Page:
Thursday, September 10, 2009

September 11th

I was in our third floor apartment in Hanau, Germany, playing with my child on the living room floor and only half-watching the Today Show on the Armed Forces Network.

I looked up at the television to see that an airplane had just flown into one of the World Trade Center towers in New York. I heard the commentators saying ridiculous things like, 'Did their navigation system go down?'

But I knew.

I knew at that very moment that my country had just experienced a terrorist attack. I could never have imagined that there was more to come.

I called my husband, who was in the motor pool rolling up camo netting, to tell him what had just happened. He was surprised but I don't think he had that same feeling that I did.

While we were talking the second plane hit. I started crying and told my husband, "Our nation is under attack." He said, "No baby, it's gonna be ok." And then the Pentagon. And then the fields of Pennsylvania.

I knew that as a military family, and as Americans, our life was about to change forever.

The security on the base went into high alert. Humvees and soldiers with weapons were positioned all around the perimeter fence of our housing area. Gates were locked down. I have never before experienced anything so surreal.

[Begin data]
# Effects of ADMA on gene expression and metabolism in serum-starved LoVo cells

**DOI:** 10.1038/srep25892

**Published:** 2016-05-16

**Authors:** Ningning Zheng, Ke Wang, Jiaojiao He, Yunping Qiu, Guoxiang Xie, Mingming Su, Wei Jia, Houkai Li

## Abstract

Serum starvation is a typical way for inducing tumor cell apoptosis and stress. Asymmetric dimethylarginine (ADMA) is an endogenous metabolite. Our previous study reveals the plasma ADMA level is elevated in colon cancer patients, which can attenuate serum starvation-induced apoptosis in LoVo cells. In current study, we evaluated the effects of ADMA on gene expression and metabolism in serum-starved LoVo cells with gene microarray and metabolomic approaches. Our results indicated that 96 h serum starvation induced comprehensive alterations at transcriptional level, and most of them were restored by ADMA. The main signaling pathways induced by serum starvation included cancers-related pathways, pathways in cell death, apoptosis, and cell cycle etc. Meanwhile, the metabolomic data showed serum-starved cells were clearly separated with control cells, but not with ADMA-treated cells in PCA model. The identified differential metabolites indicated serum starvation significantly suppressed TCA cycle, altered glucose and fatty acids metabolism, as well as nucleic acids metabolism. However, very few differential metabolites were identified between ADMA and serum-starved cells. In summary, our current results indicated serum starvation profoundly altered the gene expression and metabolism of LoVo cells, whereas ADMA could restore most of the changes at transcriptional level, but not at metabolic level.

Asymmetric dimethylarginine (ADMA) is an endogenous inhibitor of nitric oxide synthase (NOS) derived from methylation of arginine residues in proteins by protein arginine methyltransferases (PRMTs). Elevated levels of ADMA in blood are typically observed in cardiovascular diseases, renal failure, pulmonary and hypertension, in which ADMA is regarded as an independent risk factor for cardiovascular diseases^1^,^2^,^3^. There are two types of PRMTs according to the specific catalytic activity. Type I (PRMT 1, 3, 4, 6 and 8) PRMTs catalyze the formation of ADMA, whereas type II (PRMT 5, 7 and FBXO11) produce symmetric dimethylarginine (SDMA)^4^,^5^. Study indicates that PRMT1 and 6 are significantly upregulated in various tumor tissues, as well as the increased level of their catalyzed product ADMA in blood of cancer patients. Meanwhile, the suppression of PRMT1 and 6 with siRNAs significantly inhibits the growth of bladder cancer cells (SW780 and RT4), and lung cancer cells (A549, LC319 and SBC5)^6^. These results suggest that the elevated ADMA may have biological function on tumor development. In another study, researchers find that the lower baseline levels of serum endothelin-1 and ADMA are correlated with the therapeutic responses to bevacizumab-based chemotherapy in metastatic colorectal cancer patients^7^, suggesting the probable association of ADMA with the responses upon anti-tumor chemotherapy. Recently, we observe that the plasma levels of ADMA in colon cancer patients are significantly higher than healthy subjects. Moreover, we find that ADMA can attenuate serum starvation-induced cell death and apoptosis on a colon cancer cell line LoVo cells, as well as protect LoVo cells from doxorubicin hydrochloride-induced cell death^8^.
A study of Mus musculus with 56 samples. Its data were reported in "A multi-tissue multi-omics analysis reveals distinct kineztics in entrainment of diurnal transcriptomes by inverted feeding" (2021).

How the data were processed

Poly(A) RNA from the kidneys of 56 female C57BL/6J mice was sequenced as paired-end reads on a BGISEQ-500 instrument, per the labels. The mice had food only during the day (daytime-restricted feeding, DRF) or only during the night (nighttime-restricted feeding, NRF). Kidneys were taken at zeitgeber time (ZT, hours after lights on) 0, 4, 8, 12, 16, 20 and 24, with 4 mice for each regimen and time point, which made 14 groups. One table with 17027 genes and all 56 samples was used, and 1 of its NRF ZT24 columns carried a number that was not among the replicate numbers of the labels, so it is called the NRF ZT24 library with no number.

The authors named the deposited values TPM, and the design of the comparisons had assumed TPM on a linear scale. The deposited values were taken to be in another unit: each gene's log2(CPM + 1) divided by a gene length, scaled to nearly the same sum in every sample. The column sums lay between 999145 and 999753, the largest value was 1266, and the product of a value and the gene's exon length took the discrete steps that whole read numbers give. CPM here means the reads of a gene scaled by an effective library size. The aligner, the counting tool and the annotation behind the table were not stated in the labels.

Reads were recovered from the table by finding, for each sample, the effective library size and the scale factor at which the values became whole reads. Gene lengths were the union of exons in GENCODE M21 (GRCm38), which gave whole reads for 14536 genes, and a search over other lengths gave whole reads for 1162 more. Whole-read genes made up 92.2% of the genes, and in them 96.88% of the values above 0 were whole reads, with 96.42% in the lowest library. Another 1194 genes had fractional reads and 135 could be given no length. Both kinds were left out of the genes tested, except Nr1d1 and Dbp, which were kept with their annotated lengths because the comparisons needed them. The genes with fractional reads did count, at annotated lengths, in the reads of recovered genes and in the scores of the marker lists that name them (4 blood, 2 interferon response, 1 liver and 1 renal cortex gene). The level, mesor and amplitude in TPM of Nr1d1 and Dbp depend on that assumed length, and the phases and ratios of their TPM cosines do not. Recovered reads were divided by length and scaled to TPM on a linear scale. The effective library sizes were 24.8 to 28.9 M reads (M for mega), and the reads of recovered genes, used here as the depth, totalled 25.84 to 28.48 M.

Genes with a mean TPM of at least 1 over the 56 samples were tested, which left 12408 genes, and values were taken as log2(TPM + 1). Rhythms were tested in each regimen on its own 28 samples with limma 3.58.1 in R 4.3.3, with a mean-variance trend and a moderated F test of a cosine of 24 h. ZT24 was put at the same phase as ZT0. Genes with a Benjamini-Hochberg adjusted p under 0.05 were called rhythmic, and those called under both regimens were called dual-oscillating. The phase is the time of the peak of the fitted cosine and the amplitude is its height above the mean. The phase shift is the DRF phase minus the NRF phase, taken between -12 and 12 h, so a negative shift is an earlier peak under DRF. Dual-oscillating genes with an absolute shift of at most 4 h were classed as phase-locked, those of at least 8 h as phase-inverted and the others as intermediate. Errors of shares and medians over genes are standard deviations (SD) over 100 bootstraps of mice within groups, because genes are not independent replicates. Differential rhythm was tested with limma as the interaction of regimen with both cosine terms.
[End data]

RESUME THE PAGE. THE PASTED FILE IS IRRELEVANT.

There is nothing quite like the image of a soldier carrying a M16 standing guard at a fence that is next to a school playground. At that moment, I felt so grateful for having grown up in a country where I didn't know what something like that would feel like. I was filled with determination that our child would not face a future of living in a country where it was normal to see things like that either.

Eight years. It's hard for me to believe that it's been that long. Even though three of those eight years have been some of the longest and loneliest of my life because my husband was away at war--I always keep in mind that many have given up so much more than me. They give me strength. Still, there are times I feel selfish and angry that he has been gone. I wonder if it's all been worth it.

You see, sometimes I find that the memories of that day are dull--sometimes I forget that day and all of the fear and uncertainty that came with it. I forget what it felt like to have armed soldiers standing guard outside of my home to protect me from harm.

Maybe that is a good sign? Maybe that is a symbol of our resiliency as a nation that we should 'recover' and be 'back to normal' in a relatively short period of time? Maybe.

There is danger in forgetting though. Americans need to remember.

The people we lost, the pain, the fear, the anger and the sacrifice. I hope that we not only remember, but also recapture the unity that we felt and that we appreciate and reciprocate the selfless service to our nation and our fellow citizens that so many gave on that day and still give today.

Value the freedom. Cherish it. Remember how important it is to you and how fragile it is. Fight to defend it.